Mention Polish dance, and even aficionados of the form will raise a quizzical eyebrow. As the Polish National Ballet’s Warsaw Dance Days showed, however, some local companies are on the rise, and one of them has made huge strides in its five years of existence: Gdansk’s Baltic Dance Theatre, which showed impressive versatility in a double bill of works by its director and choreographer, Izadora Weiss.
Her Midsummer Night’s Dream, created last spring, is a major achievement realised on a shoestring. With no sets other than a collection of small moving panels that hide and reveal characters, it looks very spare on the cavernous stage of the Teatr Wielki (the company’s Gdansk home is comparatively tiny), and yet the pull of Weiss’s choreographic imagination helps fill the gaps.
Her 70-minute Dream, beautifully dressed by fashion designer Gosia Baczyńska, is all sensuality and whimsy. It is smartly set to a selection of Goran Bregović songs, and Weiss is thrillingly alive to the composer’s witty fusion of folk, gypsy and classical influences. A former choreographic trainee with Jiří Kylián, she has absorbed the fluidity of his style and imbues it with a raw energy and warmth.
The characters are vividly contrasted: Titania and Oberon are aloof, David Bowie-like figures in platform shoes, while Puck is mercurial as played by Sayaka Haruna, a firefly of a dancer. The humans, meanwhile, are clearly on a journey of self-discovery. Hyppolyta’s duo with her Amazon attendant has a shivering eroticism, and contrasts with Theseus’s overconfident dance of seduction. Best of all is the tender vulnerability of the four lovers: even as they dance side by side, their fluctuating emotions register in the smallest gestures.
Most of the dancers returned after the interval in Weiss’s 2011 Rite of Spring. There are countless accounts of the riots Nijinsky’s original prompted, but shock is an emotion few would associate with modern stagings of the ballet. Enter Weiss, who uses Stravinsky’s score to tackle the issue of domestic violence and rape with seven couples. The result is gut-wrenching, as the predatory men tease and terrify women trapped on a platform in choreography that rolls dance and theatre into one: a cameraman provides close-ups of the dancers’ expressions, and their emotional range is chilling. When the men emerged first to take a bow, I suspect that many in the audience struggled to bring themselves to clap.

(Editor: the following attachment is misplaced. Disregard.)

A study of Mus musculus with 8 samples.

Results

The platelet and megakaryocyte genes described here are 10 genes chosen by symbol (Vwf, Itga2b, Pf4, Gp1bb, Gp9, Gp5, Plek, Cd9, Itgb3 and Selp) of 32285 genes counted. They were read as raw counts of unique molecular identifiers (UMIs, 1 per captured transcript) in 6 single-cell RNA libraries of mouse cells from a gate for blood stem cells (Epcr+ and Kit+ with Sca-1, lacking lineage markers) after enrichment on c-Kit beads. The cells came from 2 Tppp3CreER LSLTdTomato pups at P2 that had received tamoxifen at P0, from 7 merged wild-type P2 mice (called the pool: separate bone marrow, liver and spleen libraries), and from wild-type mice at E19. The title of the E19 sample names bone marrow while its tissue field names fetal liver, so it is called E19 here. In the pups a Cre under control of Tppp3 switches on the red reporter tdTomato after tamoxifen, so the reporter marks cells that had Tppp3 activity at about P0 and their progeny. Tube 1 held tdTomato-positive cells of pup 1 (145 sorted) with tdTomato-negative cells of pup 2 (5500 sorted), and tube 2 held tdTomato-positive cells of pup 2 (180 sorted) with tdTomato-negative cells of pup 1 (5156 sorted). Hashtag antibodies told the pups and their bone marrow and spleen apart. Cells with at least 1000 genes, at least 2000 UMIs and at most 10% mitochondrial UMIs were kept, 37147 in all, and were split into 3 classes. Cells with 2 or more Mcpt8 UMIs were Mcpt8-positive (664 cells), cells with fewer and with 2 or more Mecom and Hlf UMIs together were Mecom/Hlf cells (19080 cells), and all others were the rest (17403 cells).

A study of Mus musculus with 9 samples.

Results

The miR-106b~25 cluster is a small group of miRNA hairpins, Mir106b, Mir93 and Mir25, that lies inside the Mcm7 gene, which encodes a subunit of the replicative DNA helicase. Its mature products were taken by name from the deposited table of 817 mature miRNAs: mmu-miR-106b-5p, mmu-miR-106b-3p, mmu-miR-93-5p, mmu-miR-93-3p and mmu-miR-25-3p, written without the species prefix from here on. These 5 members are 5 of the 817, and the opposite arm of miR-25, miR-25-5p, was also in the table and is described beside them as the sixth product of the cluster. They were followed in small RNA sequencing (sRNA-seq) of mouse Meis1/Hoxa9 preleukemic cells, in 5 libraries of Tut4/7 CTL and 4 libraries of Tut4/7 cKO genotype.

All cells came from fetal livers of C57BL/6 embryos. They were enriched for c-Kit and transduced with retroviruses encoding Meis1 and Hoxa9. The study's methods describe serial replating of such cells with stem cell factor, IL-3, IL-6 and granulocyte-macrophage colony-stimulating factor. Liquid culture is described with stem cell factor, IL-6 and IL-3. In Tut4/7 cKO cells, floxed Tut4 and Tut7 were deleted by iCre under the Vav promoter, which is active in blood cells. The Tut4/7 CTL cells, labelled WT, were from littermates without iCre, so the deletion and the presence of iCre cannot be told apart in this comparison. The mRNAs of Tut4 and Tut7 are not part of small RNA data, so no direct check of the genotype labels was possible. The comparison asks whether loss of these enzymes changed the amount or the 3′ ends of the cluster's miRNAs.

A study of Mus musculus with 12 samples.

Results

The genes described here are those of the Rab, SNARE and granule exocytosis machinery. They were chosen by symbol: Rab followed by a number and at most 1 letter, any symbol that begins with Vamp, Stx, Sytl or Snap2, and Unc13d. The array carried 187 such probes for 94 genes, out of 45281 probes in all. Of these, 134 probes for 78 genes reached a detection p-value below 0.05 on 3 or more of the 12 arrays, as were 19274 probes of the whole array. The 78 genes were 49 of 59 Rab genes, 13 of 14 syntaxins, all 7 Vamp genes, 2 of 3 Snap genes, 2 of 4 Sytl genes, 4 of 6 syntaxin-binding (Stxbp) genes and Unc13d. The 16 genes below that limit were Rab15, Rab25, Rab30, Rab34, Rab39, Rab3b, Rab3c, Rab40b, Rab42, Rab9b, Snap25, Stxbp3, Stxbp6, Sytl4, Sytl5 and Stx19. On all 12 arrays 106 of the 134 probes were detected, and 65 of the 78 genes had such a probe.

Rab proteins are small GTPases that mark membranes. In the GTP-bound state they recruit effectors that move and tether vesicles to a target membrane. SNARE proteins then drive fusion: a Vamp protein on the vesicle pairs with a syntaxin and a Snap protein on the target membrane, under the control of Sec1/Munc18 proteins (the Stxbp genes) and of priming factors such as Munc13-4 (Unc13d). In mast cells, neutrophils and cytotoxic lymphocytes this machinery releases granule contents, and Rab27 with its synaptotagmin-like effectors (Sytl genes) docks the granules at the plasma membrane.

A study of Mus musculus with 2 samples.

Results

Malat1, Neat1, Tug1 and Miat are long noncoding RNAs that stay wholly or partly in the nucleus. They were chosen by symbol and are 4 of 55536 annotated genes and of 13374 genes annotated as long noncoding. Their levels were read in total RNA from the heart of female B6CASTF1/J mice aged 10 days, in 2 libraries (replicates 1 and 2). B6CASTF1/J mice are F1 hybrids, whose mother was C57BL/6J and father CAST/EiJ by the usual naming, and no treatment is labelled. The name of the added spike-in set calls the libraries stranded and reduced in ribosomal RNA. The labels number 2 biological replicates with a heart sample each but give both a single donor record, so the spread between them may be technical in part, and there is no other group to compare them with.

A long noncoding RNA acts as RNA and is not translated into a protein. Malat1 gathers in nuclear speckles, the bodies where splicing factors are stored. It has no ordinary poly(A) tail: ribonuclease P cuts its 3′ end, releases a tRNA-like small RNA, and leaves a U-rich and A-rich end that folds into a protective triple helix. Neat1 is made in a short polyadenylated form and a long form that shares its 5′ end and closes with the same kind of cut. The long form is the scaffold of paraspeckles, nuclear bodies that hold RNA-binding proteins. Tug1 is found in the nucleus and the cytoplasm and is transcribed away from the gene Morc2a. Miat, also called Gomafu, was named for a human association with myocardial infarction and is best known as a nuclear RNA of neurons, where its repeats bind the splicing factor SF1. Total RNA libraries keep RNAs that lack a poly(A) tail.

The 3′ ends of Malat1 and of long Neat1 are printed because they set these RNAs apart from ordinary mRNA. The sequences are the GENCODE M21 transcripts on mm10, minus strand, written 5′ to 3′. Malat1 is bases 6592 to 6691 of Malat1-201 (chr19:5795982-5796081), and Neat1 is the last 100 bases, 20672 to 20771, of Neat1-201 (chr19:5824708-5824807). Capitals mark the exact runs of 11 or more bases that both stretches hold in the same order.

To Weiss’s credit, however, the performance almost never feels gratuitous. The movement is attentively musical throughout and the women’s group dances are poignant. Long, flowing dresses descend from above early on, and as they dance barefoot in them, the expansive movement is also a way to reclaim their identities. Weiss is a rare, and fresh, choreographic talent; the company will be one to follow as it matures.
The festival welcomed three other ensembles over the weekend. The Opera Nova Ballet from Bydgoszcz and the Kielce Dance Theatre boldly chose to present works by international choreographers on the Teatr Wielki’s smaller stage. Jorma Elo’s First Flash, a quirky work to Sibelius, stretched the Nova dancers’ technique for the better; you sensed real will but a slight lack of polish in their neoclassical lines. Kielce is a smaller modern ensemble, and presented Angelin Preljocaj’s version of The Rite of Spring; his take on the battle of the sexes is rather muddled, but it is a fine training ground for the dancers.
The Lithuanian National Ballet also paid a visit with a recent creation, Čiurlionis. Choreographed by Polish National Ballet dancer Robert Bondara, who has only a few works under his belt, it is a dance biography of Lithuanian painter Mikalojus Konstantinas Čiurlionis, and as earnest as it is derivative. Bondara gives us the artist as madman involved in chaotic relationships, in the spirit of Boris Eifman’s overwrought creations, albeit with a touch more restraint. It is probably too taxing a commission for Bondara at this point, but his dancers were all engaging, and the company is rightly looking to find a voice of its own by telling new stories.